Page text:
In technology, a platform refers to the underpinning systems and operations that allow multiple products, events, services, vendors, applications and/or technologies to work together. Each platform’s building blocks or services, used in many products, provide a standardized experience for the consumer.

One of the earliest successes in shared platforms was Microsoft Windows. The operating system allowed many developers to use the same services, which worked the same for each application. Windows built in many of the aspects necessary to run a software application so that each vendor did not have to write them separately; meanwhile, users only had to learn one interface.

Beyond the user interface, Microsoft built services such as printing functions and connections to other devices and networks. These would otherwise have been handled by each software application, with each working differently for the end user.

Many companies have since modeled their own platforms similarly.

Why platforms have become prevalent in healthcare

Amazon, Apple, Facebook and Google have all built services and products based on their own platforms.

Healthcare needs platforms, too. At large academic medical systems, individual applications used to be written in-house, often designed by physicians. While these individual applications did a lot of things very well, they did not integrate data for a smooth workflow or useful analytics, nor were they combined with a single user interface. As they did not share building blocks or underlying services, these applications were individually difficult to maintain and secure. The final blow to these systems was the federal Meaningful Use program. The MU program required standardized systems that had to be updated regularly to meet new requirements.

The largest electronic medical records vendors recognized a need and began to model themselves as platforms. They’ve built whole groups of applications that run everything from the lab to the pharmacy, billing and admissions, long-term care and home care. These applications share one set of underlying services, a single user interface and a single data structure to secure and update.

These vendors are now beginning to truly become “platforms” as I’ve defined them here by adding app stores within their systems. Just like with Windows or the iPhone, these apps will theoretically use all of the existing tools and integrations but add additional functionality not currently included with the EHR.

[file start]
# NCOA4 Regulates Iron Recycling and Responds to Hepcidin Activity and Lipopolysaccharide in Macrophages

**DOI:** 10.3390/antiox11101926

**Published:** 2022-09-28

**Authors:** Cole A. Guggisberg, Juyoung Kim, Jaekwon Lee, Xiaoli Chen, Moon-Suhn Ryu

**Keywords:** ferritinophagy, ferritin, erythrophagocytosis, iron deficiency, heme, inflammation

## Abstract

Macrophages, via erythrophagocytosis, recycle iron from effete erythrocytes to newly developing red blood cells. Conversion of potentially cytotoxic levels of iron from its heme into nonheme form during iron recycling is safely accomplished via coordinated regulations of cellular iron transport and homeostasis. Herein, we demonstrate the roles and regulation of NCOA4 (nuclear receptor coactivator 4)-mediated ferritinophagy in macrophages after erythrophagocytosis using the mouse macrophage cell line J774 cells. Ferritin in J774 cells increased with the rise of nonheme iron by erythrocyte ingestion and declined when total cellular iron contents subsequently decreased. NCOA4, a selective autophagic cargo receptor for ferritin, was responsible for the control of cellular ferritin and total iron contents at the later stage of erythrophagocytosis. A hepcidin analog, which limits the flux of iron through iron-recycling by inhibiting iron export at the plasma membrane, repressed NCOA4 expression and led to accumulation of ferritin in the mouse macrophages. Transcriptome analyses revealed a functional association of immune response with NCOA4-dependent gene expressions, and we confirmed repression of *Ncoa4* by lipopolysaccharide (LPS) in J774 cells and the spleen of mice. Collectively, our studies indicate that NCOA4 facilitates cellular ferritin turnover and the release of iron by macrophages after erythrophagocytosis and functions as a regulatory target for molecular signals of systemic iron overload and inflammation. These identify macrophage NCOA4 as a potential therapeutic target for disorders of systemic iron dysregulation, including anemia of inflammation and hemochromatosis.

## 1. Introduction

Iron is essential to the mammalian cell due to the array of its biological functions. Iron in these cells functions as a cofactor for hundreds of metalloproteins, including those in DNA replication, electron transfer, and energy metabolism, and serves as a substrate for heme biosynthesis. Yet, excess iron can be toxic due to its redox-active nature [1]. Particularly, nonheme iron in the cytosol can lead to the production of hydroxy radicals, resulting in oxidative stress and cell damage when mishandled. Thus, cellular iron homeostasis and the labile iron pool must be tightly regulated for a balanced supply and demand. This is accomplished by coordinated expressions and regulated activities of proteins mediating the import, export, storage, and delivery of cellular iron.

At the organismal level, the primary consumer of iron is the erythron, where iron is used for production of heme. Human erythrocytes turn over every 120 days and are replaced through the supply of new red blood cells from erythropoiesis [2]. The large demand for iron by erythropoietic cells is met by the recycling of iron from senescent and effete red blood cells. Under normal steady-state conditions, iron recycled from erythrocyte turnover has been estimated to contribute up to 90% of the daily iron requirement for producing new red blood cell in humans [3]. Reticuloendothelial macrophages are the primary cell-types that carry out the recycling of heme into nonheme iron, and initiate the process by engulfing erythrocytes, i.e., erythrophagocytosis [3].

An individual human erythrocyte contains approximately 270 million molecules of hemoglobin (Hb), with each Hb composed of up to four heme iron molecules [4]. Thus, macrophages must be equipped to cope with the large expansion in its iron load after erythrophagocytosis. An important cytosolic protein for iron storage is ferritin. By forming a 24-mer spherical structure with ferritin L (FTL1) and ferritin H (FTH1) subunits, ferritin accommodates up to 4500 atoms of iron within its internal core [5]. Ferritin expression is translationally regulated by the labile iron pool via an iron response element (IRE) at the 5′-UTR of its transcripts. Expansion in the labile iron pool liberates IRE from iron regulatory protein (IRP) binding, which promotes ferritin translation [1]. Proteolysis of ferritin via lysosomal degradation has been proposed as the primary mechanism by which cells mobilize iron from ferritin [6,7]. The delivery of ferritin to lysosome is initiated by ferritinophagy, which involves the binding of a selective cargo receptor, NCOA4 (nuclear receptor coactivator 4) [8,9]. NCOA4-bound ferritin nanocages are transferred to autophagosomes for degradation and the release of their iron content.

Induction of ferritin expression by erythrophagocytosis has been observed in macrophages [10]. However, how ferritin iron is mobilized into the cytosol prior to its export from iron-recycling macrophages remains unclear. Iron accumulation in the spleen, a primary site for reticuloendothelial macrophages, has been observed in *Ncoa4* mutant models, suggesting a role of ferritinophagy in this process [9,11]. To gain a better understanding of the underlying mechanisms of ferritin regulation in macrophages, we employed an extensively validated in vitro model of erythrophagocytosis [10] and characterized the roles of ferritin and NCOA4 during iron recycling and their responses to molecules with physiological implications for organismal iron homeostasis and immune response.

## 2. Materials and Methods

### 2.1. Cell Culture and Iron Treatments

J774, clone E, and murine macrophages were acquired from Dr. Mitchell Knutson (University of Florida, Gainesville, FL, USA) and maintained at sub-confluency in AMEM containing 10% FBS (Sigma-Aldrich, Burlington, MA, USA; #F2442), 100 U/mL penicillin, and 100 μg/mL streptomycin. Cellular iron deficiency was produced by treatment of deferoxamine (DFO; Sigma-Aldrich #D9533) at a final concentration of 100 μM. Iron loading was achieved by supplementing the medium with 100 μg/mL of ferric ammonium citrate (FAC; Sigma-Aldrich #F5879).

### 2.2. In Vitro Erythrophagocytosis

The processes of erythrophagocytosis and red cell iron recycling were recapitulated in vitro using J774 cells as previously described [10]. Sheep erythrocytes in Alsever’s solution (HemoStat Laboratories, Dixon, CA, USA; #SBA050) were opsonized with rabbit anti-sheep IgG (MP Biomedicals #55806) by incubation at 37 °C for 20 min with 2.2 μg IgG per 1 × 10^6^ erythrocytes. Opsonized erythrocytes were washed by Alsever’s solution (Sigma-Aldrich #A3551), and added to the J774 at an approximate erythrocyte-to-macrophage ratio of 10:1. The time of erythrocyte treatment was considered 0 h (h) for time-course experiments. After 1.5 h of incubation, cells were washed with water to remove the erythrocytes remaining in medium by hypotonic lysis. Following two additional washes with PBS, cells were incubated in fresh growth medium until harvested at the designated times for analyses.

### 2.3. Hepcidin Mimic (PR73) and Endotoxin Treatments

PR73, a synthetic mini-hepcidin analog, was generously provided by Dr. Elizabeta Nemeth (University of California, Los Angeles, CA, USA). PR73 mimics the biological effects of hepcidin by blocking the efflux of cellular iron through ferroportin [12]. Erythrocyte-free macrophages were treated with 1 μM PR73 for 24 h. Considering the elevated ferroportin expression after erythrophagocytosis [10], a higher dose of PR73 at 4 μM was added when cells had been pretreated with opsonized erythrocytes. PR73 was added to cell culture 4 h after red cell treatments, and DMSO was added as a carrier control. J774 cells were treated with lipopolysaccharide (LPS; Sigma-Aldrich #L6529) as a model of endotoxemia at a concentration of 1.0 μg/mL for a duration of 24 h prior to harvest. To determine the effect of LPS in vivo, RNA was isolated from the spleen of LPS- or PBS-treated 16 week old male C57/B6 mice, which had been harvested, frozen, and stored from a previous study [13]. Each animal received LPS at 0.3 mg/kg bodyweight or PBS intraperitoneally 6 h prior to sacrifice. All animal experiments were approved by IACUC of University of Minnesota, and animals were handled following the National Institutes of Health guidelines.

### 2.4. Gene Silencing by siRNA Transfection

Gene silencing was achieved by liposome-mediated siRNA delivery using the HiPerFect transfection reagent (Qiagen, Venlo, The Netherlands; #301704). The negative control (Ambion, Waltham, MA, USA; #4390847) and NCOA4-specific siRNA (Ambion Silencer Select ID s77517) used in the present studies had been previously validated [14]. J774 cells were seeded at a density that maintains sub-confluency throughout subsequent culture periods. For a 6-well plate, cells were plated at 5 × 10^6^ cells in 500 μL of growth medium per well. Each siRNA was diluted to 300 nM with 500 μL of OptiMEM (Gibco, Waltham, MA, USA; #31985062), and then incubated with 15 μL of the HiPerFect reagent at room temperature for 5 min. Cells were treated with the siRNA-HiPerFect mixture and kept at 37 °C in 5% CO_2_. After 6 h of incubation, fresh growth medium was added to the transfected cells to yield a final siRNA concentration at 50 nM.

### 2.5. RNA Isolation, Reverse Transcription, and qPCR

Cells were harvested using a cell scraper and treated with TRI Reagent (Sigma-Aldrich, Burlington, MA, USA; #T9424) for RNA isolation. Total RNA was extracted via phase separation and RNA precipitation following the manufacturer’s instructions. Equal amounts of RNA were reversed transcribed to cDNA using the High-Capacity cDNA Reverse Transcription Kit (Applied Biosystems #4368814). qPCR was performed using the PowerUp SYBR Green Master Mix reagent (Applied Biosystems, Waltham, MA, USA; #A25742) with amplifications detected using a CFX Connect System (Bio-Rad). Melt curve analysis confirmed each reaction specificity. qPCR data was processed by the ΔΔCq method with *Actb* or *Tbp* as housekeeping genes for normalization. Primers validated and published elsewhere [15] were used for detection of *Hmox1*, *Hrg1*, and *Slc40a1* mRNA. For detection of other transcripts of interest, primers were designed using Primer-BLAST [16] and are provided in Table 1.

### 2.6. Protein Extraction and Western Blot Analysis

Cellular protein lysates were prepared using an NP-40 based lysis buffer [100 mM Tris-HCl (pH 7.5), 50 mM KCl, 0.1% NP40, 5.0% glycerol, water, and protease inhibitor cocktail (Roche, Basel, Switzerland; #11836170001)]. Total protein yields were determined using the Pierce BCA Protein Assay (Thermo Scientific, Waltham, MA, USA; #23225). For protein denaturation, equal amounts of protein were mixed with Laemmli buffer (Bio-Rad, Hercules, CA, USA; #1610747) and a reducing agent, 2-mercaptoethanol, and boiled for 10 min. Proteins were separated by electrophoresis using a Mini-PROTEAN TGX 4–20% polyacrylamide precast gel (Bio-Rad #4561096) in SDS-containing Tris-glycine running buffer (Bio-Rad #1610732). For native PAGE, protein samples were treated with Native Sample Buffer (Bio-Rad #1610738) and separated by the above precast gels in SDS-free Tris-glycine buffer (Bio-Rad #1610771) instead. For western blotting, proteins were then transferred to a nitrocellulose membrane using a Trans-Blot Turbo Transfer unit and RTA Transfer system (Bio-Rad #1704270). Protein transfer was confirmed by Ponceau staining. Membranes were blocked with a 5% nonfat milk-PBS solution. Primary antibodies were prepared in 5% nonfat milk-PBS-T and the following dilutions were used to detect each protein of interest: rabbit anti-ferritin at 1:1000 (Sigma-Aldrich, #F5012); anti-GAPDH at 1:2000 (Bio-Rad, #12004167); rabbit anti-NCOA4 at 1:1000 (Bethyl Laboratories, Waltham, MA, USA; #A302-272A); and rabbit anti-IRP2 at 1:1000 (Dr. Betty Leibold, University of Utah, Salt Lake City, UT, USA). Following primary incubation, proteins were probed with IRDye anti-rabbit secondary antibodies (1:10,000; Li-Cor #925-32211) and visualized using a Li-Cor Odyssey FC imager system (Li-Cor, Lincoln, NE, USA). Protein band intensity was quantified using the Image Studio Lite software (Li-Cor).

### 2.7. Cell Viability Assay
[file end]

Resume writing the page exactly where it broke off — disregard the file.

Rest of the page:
Platforms are now critical to care delivery and the patient experience

Consumers don’t want to download or learn to use multiple apps, so healthcare systems now are adding mobile apps for the patient that roll many services into one, including wayfinding, scheduling, EHR data downloading and uploading, fitness tracking and telehealth. These comprehensive apps provide a seamless user experience – and if your patient is already using some of your services, the more seamless it gets, the more that makes the customer want to use your services for everything (just like why I buy so much on Amazon, because it’s so easy).

Vendors are developing and selling platforms in every category, including:

  • telehealth/virtual health platforms;
  • cybersecurity platforms;
  • biomedical device tracking, maintenance and security platforms;
  • data integration and interfacing platforms; and
  • EHR platforms (the big three are now including what are essentially app stores).

The impact of platforms for patients and providers

As healthcare organizations look at new products and vendors, they must consider how they will interact with other tools in use. Are patients being presented with tools that share a single user experience? As patients’ interactions with their providers increasingly take place online, their experiences with providers’ platforms will greatly influence their likelihood to return for future healthcare needs.

Platforms have the opportunity to improve internal operations, as well. Harvard Business Review’s article “Bringing the Power of Platforms to Healthcare” identified three areas that are ripe for transformation through the use of platforms: Administrative automation, networked knowledge and resource orchestration. Much of this transformation is now underway, but there is more work to be done.

Providers who embrace platforms have the opportunity to drive better patient experiences and make operations more efficient. That’s something everyone can get behind.